Computer model developed for predicting the dispersion of vog

A gas and particle rich plume emanates from molten lava beneath Halema’uma’u Crater at the summit of K?lauea Volcano on the Island of Hawai’i. Vog is created when volcanic plumes react in the atmosphere. Credit: USGS, Michael Poland.

A paper published this month in the Bulletin of the American Meteorological Society details the development and utility of a computer model for the dispersion of volcanic smog or “vog,” which forms when volcanic sulfur dioxide gas interacts with water and coverts it to acid sulfate aerosol particles in the atmosphere.

Vog poses a serious threat to the health of Hawai’i’s people as well as being harmful to the state’s ecosystems and agriculture. Even at low concentrations, which can be found far from the volcano, vog can provoke asthma attacks in those with prior respiratory conditions. It also damages vegetation and crops downwind from the volcano.

Scientists from the UH Mānoa School of Ocean and Earth Science and Technology (SOEST), under the leadership of Dr. Steve Businger, and in collaboration with researchers at the Hawaiian Volcano Observatory, developed a computer model for predicting the dispersion of vog. The vog model uses measurements of the amount of sulfur dioxide (SO2) emitted by Kilauea, along with predictions of the prevailing winds, to forecast the movement of vog around the state.

The team of scientists developed an ultraviolet spectrometer array to provide near real-time volcanic gas emission rate measurements; developed and deployed SO2 and meteorological sensors to record the extent of Kīlauea’s gas plume (for model verification); and developed web-based tools to share observations and model forecasts, providing useful information for safety officials and the public, and raising awareness of the potential hazards of volcanic emissions to respiratory health, agriculture and general aviation.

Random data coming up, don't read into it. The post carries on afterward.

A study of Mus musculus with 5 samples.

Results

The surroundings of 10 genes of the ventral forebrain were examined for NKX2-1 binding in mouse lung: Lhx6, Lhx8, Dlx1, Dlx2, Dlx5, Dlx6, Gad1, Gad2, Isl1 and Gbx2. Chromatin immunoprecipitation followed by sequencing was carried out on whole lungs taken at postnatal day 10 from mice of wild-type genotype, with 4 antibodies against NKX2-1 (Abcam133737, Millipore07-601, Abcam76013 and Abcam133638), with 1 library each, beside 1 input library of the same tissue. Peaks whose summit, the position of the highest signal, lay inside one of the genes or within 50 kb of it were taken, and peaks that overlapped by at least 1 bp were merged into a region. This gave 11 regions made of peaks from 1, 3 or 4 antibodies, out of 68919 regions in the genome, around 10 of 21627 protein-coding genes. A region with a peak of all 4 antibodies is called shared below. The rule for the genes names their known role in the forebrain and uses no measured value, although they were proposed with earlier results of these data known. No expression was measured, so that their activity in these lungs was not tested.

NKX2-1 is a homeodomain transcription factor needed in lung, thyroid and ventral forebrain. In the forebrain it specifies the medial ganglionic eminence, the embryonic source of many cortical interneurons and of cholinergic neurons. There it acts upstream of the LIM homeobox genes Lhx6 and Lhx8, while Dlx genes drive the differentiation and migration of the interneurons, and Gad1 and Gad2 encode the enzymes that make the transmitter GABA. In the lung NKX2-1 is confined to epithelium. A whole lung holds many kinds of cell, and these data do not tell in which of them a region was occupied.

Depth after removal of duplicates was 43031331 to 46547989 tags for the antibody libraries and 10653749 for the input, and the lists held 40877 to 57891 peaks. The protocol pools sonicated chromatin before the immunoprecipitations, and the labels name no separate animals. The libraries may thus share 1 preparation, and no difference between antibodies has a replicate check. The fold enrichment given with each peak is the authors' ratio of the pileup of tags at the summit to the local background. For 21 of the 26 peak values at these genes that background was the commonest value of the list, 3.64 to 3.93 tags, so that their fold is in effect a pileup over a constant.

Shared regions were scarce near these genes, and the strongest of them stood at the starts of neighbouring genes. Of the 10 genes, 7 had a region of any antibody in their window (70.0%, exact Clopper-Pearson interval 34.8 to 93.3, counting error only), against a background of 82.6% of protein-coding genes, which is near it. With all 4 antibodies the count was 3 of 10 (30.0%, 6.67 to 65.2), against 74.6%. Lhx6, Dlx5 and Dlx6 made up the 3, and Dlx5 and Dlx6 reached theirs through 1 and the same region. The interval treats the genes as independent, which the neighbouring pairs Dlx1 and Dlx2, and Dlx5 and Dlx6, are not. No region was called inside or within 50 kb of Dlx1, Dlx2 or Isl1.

“Comparisons between the model output and vog observations show what users of the vog model forecasts have already guessed — that online model data and maps depicting the future location and dispersion of the vog plume over time are sufficiently accurate to provide very useful guidance, especially to those among us who suffer allergies or respiratory conditions that make us sensitive to vog,” said Businger.


Said Businger, “Higher gas fluxes from Kilauea appear to be the new norm. For the State of Hawai’i to understand the effects of vog and then come up with strategies to efficiently mitigate its effects, accurate forecasts of how vog moves around the state are vital.”

The American Recovery Act award that originally funded the development of the vog model program has long since expired. Funding for a PhD candidate, Andre Pattantyus, to help keep the online vog products available has been provided by SOEST and the Joint Institute for Marine and Atmospheric Research (JIMAR) at UH SOEST. Because Andre Pattantyus, the lead vog modeler, is set to graduate this winter, the vog program is at a crossroads. Businger is working with stakeholders that include federal, state, commercial and private interests to jointly fund an ongoing vog and dispersion modeling capability for the residents of Hawai’i.

Public support of the vog modeling program is critical for the program to continue providing vog plume predictions in future.


Note: The above post is reprinted from materials provided by University of Hawaii at Manoa.